Facebook and Instagram shouldn't be able to target users with ads based on their online activity when using the apps, EU privacy regulators reportedly say.

Attila Tomaschek
Attila is a Staff Writer for CNET, covering software, apps and services with a focus on virtual private networks. He is an advocate for digital privacy and has been quoted in online publications like Computer Weekly, The Guardian, BBC News, HuffPost, Wired and TechRepublic. When not tapping away on his laptop, Attila enjoys spending time with his family, reading and collecting guitars.
Expertise Attila has nearly a decade's worth of experience with VPNs and has been covering them for CNET since 2021. As CNET's VPN expert, Attila rigorously tests VPNs and offers readers advice on how they can use the technology to protect their privacy online.
Attila Tomaschek
2 min read
Meta logo on a phone

Meta's advertising machine could take a hit if the ruling is upheld.

James Martin/CNET

Meta-owned platforms Facebook and Instagram shouldn't be able to hide behind terms of service in requiring users to agree to targeted ads based on their activity within those apps, privacy regulators in the European Union reportedly ruled on Monday.

The apparent ruling, by a board representing all EU privacy regulators, hasn't been disclosed publicly. But The Wall Street Journal reported that it calls on Ireland's Data Protection Commission, which regulates Meta in the EU, to issue public orders reflecting its decision and to levy fines. The Journal cited unnamed people familiar with the regulators' decision.

Though Meta lets users opt out of targeted ads based on data from other apps and websites, they don't have that option when it comes to ads based on their activity within Meta's apps, such as what videos they watch or items they tap, the Journal said. If upheld, the ruling could prompt Meta to offer such an opt-out, the Journal reported, though it's unclear what steps Meta would take.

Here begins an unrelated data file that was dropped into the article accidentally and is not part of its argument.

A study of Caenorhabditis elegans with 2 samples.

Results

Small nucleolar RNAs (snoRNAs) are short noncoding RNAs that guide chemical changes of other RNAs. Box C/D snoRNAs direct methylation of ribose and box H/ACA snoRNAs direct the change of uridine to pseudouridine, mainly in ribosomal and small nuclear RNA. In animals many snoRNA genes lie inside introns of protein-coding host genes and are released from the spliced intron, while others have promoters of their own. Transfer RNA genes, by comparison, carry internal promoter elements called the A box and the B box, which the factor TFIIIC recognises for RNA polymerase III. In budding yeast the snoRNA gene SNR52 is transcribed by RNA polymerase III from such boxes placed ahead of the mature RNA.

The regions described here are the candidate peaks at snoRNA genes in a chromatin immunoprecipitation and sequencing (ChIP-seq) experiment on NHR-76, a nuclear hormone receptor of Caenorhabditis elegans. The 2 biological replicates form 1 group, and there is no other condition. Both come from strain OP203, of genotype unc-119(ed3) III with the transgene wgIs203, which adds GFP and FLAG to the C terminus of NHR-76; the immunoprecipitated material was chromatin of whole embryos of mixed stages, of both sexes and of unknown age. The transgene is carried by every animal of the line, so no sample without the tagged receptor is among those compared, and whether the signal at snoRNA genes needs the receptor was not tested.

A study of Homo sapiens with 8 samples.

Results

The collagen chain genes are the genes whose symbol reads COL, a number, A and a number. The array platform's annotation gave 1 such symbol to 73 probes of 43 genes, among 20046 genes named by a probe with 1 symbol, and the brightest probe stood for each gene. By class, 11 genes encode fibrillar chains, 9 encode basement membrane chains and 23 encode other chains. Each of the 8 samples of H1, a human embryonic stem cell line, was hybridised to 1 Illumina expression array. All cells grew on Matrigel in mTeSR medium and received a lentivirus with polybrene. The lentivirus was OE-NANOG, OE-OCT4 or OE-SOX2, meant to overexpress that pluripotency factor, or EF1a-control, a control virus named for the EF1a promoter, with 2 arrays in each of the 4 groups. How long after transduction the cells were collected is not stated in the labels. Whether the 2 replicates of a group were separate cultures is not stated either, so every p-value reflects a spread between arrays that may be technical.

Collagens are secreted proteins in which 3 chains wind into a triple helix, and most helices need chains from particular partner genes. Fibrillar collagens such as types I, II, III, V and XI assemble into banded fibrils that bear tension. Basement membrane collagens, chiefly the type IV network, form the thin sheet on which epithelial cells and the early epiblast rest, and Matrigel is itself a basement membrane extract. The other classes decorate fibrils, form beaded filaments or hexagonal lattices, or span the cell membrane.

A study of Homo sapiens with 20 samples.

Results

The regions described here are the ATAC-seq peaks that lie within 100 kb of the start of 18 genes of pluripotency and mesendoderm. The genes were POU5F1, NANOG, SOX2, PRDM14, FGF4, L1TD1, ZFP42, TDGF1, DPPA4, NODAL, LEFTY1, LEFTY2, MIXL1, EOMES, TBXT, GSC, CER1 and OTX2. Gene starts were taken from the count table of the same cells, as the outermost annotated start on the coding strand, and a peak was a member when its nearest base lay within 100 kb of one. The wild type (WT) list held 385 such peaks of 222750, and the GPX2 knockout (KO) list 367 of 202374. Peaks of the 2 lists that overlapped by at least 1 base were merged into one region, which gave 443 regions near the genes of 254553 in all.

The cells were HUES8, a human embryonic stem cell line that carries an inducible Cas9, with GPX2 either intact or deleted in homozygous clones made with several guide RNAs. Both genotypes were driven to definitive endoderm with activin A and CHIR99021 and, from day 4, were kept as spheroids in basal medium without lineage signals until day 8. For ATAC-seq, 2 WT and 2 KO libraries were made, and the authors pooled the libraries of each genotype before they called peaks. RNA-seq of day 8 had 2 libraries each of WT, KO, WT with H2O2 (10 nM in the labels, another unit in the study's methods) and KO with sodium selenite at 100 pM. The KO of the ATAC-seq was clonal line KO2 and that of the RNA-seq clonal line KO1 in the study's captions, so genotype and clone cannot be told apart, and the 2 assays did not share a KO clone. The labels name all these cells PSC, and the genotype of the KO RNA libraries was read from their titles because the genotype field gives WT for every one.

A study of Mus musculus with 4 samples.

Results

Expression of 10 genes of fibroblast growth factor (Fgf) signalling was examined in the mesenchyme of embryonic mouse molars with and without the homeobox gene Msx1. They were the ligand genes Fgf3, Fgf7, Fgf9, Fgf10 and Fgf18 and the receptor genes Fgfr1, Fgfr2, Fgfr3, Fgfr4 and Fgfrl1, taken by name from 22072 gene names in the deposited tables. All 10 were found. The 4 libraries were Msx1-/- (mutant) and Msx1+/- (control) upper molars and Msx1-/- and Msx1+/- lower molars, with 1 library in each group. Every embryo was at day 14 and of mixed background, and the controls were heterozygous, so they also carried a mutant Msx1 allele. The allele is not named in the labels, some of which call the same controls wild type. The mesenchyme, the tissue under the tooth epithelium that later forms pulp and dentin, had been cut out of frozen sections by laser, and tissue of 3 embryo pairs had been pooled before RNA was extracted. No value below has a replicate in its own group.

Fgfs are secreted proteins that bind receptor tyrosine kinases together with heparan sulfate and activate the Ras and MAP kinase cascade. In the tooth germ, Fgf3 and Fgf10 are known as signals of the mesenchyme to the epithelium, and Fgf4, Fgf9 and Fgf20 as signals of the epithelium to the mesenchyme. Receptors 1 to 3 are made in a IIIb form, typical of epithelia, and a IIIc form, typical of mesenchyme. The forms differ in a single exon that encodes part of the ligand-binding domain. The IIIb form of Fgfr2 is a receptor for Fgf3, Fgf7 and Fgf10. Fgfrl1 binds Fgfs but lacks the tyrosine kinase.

Meta can appeal the ruling, but if upheld, the decision could deal a significant blow to the tech giant's lucrative advertising business, according to the Journal. With less data to rely on for advertising, personalized ads across Facebook and Instagram would be far less effective, and Meta relies on such ads for much of its revenue, the Journal said.

"This is not the final decision and it is too early to speculate," Meta told CNET in an email. A company spokesperson said the EU's existing and overarching General Data Protection Regulation "allows for a range of legal bases under which data can be processed, beyond consent or performance of a contract."

Meta is cooperating with Ireland's Data Protection Commission on its inquiries, the spokesperson said. The final decision will come from that agency and is expected in January, the company told CNET.  Ireland's Data Protection Commission didn't respond to CNET's request for comment.

This isn't the first time Meta has faced scrutiny from privacy regulators in Europe. The company was fined $275 million in November after data scraped from Facebook was found on the internet, and it was fined $400 million in September for failing to protect children's privacy on Instagram.